Current winning streak helps Kansas reemerge as a team worth talking about as postseason draws near
While the Kansas basketball team’s current three-game winning streak was absolutely essential for the Jayhawks to get their confidence back, it also opened the door to a key component of KU’s postseason prospects.
Had the Jayahwks continued to struggle like they did in January, it would have been awfully tough for anyone touting KU’s overall résumé to look back at what this team did in December as worthy of being the primary component of Bill Self’s team’s postseason seeding.
Today, however, that narrative looks a little different. Just like the Jayhawks.
No one is claiming that back-to-back wins over Iowa State and a home victory over now-unranked Oklahoma State are enough to suddenly vault the Jayhawks into the conversation for a 3 or 4 seed today.
But the fact that those recent victories helped this team rediscover some of the elements that made them a Top 10 team in December makes it a lot easier to look back at those wins with a little more weight.
Included among them:
• A Dec. 8 victory over Creighton. The Bluejays have turned in the kind of season most people expected them to have and have maintained their status as a Top 20 team all season long. Currently ranked 16-5 and 12-4 in the Big East, Creighton is fresh off of a 16-point victory over No. 5 Villanova. Any way you slice it, beating this team, now or in December, qualifies as a good win.
• A Dec. 17 road win at Texas Tech. Like Creighton, the Red Raiders have spent most of the season in the Top 20, and, as recently as last week, were ranked No. 7 in the nation. Tech’s 11-point home loss to West Virginia last week (you might remember it as the Chris Beard ejection game) dropped Tech to No. 15 in this week’s poll, and the Red Raiders are, without question, a tournament team and one of the toughest teams in the Big 12. KU will get a shot at validating that December win when Tech comes to Lawrence on Saturday. If the Jayhawks can pull off the season sweep, both wins will bolster their NCAA Tournament resume.
• A Dec. 22 home win over West Virginia. The Mountaineers are currently 14-6 and ranked No. 13 in the country. Like KU, they, too, do not have a single bad loss on their resume, with all six WVU losses coming to teams ranked in the Top 28 of the current KenPom.com rankings. Any team that tops them can count it as a quality win, and, it will be really interesting to see what the selection committee does with the teams who finish behind Baylor in the Big 12 standings. On one hand, they all may be battling each other for spots on the 3-4-5 lines. On the other hand, there’s a chance that all of them could wind up on the same line but in different regions.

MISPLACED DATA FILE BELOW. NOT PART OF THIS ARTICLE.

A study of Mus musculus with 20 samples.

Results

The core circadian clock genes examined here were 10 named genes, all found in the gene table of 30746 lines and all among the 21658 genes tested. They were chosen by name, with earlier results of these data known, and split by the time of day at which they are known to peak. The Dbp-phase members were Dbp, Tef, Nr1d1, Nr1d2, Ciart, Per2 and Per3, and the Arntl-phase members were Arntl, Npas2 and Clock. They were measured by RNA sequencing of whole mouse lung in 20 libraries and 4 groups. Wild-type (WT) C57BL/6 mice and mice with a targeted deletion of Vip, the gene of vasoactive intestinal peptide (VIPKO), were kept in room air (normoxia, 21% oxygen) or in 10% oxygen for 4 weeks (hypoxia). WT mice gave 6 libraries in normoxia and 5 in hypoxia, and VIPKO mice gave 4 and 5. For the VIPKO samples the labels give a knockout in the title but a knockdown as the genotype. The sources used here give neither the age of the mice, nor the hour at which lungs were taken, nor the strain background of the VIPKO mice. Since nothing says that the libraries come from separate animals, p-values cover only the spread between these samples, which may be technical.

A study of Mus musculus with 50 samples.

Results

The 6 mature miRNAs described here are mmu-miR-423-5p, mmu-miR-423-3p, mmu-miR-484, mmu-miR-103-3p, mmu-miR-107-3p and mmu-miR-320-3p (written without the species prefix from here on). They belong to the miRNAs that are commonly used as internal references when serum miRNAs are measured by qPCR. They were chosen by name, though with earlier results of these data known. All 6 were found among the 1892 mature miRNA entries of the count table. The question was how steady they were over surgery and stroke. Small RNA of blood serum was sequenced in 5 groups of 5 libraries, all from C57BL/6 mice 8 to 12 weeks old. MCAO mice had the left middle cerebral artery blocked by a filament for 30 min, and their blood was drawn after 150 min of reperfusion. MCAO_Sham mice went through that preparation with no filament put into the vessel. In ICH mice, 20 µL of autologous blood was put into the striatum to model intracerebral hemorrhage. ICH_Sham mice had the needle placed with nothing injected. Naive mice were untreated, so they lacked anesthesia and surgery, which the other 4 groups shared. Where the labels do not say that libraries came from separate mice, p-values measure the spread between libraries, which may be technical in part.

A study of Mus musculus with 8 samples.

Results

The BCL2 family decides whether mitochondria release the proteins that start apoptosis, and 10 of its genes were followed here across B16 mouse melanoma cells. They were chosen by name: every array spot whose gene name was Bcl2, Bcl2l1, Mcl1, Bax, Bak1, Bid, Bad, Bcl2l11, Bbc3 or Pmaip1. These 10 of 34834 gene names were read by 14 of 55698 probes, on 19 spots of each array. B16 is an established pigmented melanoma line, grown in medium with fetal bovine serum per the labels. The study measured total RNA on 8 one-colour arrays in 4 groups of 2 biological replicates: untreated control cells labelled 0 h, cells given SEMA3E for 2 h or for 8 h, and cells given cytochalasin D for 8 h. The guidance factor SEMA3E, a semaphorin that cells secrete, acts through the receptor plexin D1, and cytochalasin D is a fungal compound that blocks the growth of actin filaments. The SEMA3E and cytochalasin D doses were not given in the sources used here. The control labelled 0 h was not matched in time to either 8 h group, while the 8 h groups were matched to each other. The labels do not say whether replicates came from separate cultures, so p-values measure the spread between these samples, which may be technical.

• A Jan. 9 home win over Oklahoma. The Sooners are currently the second-highest ranked team in the Big 12 and they’ve been on an absolute tear (7-1, with four wins over ranked teams) since losing to Kansas at Allen Fieldhouse in a game they had a chance to win. Nobody thought much of that victory at the time, but it may wind up going down as one of KU’s best of the season. And, if the Sooners stay hot — they’re currently ranked No. 9 at 13-5 — that KU win in early January will go down as much more than a nice, little Quadrant 1 victory.
Those victories, to date, are KU’s only four Quadrant 1 wins. But before you scoff and view that number as teenie tiny, consider that only eight teams in the country (Gonzaga, Baylor, Illinois, Ohio State, Alabama, West Virginia, Oklahoma and Missouri) have more Quadrant 1 wins at this point in the season.
Beyond that, Kansas has played six games against that group, which illustrates how tough this team’s schedule has been. The NET rankings have it as the 11th hardest schedule in the country, and KenPom.com puts it at No. 17. Back-to-back games against Iowa State (No. 148) knocked it out of the Top 10 on that site.
Tough schedules are great and can give a team a significant boost in the rankings or seedings if the road is viewed as impressive enough by those filling out their ballots or the bracket.
But, at some point, teams have to prove that they can do more than just play good teams. They also have to beat them.
The Jayhawks were doing that earlier this season and then the wheels fell off a little bit. Now that this team’s confidence has been restored and Kansas seems to have found its identity — win with defense and let the offense come naturally — the Jayhawks have put themselves in position to do just that.
Whether they do, or how often, could go a long way in determining where they’re seeded and what kind of a threat they’re viewed as in March.
But, as of now, that’s at least worth discussing again, and it’s not hard to see how KU quickly could get into the conversation as a potential 3 or 4 seed.
They’ll have to win to get there. But this group appears to be more prepared to do that today than at any time this calendar year.